The House voted 294 to 83 yesterday to grant a Maryland income tax exemption to an estimated 125 members of Congress who maintain homes in the Maryland suburbs.

It is the second time around for the measure, which was approved by both chambers of Congress last year only to die when it was vetoed by President Ford. The revived measure now goes to the Senate for action.

Virginia and the District of Columbia laws grant members of Congress an outright exemption from state and local income tax.

In Maryland, however, the law requires lawmakiers to file annual tax returns, with tax payments to the congressmen's home states credited, in most cases against what is owed to Maryland.

Reps. Robert E. Bauman (R-Md.) and Thomas N. Kindness (R-Ohio) mounted a futile attempt to block the bill yesterday, contending it is the prerogative of the Maryland General Assembly, not Congress to deal with state taxation.

"Far be it from me having served there (in Annapolis, as a state senator) for three years, to defend the actions of the legislature of Maryland, one way or another," Bauman declared.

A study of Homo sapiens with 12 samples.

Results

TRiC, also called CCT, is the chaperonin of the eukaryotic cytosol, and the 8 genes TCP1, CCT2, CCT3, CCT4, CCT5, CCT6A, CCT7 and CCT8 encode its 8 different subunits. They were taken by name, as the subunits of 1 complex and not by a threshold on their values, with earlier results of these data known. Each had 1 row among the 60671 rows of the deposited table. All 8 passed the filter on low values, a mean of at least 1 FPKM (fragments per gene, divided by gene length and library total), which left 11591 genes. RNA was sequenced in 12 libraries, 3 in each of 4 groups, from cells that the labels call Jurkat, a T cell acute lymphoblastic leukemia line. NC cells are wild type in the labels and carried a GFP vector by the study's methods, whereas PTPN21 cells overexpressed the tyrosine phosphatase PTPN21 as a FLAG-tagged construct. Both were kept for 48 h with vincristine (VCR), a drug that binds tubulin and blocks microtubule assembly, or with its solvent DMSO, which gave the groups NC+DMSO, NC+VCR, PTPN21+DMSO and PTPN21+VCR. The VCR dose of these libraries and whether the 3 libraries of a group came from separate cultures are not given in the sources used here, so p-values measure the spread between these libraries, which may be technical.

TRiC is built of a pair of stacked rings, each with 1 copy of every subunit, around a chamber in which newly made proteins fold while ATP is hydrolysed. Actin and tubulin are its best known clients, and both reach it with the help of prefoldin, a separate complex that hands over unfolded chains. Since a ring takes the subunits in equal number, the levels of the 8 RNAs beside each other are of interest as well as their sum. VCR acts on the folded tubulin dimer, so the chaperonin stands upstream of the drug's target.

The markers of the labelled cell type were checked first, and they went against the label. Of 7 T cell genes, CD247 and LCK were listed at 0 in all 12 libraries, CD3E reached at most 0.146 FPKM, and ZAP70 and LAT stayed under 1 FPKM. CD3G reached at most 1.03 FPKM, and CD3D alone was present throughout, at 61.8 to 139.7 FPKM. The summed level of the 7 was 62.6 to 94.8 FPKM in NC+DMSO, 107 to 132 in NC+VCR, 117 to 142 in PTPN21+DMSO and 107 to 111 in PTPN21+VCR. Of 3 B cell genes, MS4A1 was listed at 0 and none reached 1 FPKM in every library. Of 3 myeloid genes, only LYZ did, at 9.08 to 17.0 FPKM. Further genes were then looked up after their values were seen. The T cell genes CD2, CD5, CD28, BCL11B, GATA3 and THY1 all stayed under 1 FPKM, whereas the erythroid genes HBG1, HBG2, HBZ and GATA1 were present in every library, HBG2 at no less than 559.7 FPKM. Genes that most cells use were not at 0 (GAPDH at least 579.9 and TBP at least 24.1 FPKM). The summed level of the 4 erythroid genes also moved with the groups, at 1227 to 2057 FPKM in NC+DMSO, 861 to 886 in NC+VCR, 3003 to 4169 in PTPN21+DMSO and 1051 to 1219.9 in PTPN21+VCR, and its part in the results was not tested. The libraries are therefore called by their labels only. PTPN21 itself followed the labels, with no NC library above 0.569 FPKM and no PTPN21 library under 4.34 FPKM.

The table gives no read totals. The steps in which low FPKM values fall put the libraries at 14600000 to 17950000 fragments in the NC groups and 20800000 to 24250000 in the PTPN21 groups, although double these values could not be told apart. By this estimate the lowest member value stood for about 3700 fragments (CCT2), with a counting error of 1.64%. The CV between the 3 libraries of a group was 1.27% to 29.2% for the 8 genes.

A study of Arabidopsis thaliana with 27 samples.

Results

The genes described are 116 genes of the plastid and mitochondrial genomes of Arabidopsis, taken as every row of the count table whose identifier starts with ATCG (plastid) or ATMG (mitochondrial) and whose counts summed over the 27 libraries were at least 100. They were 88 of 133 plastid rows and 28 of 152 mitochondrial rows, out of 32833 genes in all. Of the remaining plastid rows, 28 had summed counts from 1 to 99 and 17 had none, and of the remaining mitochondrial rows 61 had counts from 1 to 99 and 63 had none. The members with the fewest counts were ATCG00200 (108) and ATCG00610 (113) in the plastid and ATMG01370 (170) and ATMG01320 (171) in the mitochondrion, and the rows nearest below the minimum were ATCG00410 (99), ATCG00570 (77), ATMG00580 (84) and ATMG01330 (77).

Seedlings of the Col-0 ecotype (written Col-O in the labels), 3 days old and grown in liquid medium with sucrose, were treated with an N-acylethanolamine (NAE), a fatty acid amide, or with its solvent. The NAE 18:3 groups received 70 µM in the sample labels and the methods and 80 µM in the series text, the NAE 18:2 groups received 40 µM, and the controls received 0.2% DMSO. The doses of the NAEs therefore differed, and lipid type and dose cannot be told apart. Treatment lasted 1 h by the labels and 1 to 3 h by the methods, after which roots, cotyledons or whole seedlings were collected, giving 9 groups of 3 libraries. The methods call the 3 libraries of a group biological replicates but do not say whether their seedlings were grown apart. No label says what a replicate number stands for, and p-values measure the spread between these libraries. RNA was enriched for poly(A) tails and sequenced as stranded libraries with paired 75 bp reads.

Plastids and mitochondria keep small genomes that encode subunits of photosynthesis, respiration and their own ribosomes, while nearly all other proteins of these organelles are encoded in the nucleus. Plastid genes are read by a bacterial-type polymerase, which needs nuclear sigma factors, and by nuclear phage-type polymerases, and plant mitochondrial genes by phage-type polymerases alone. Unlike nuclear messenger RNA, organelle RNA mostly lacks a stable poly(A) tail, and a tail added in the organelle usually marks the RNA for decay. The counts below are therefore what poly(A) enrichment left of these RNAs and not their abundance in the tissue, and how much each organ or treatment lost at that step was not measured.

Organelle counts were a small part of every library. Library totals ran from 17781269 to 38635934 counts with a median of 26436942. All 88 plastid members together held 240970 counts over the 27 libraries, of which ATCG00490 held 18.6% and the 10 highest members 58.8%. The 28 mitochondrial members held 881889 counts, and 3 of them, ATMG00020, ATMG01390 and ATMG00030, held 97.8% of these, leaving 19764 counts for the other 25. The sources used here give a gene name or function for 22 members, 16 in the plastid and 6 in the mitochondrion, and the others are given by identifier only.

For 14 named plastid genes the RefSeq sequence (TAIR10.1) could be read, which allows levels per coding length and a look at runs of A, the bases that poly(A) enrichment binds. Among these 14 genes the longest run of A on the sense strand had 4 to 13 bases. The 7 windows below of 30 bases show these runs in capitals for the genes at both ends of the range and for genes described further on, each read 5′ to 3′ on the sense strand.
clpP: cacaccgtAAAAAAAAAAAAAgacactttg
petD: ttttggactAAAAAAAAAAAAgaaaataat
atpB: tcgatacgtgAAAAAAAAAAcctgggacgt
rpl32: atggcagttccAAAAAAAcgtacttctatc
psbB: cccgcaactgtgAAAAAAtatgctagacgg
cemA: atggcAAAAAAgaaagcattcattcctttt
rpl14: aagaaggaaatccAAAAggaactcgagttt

Several House members said that, as homeowners, they contribute generously to the tax coffers of the Washington area, and they should not be subjected to a threat of double taxation on their incomes.

Rep. Teno Roncolio (D-Wyo.) said his property tax bill in suburban Virginia has totaled $21,000 in the seven years he has served in Congress.

"I'd like to see the capital moved someplace like Colorado (which adjoins Wyoming ) - that would take care of Maryland and Virginia," Roncolio said.

Roncolio predicted the Washington newspapers would treat the exemption bill as another privilege Congress was voting for itself. The measure was sponsored by Rep. George E. Danielson (D-Calif.), whose local home is in Virginia.

Re. Clarence J. Brown Jr. (R-Ohio) said that if Maryland wants to tax the salaries of congressmen, perhaps Congress should enact a controversial tax on incomes earned by suburbanities in the District of Columbia. "Perhaps the commuter tax makes sense after all," said Brown, who lives in Bethesda.

All six Maryland representatives who were present yesterday voted against the bill. The seventh, Rep. Newton I. Steers Jr. (R), is hospitalized.

Most of the Virginia delegation voted for the bill, including Rep. Herbert E. Harris (D). Voting against it were Rep. Joseph L. Fisher (D), M. Caldwell Butler (R) and Paul S. Trible Jr. (R).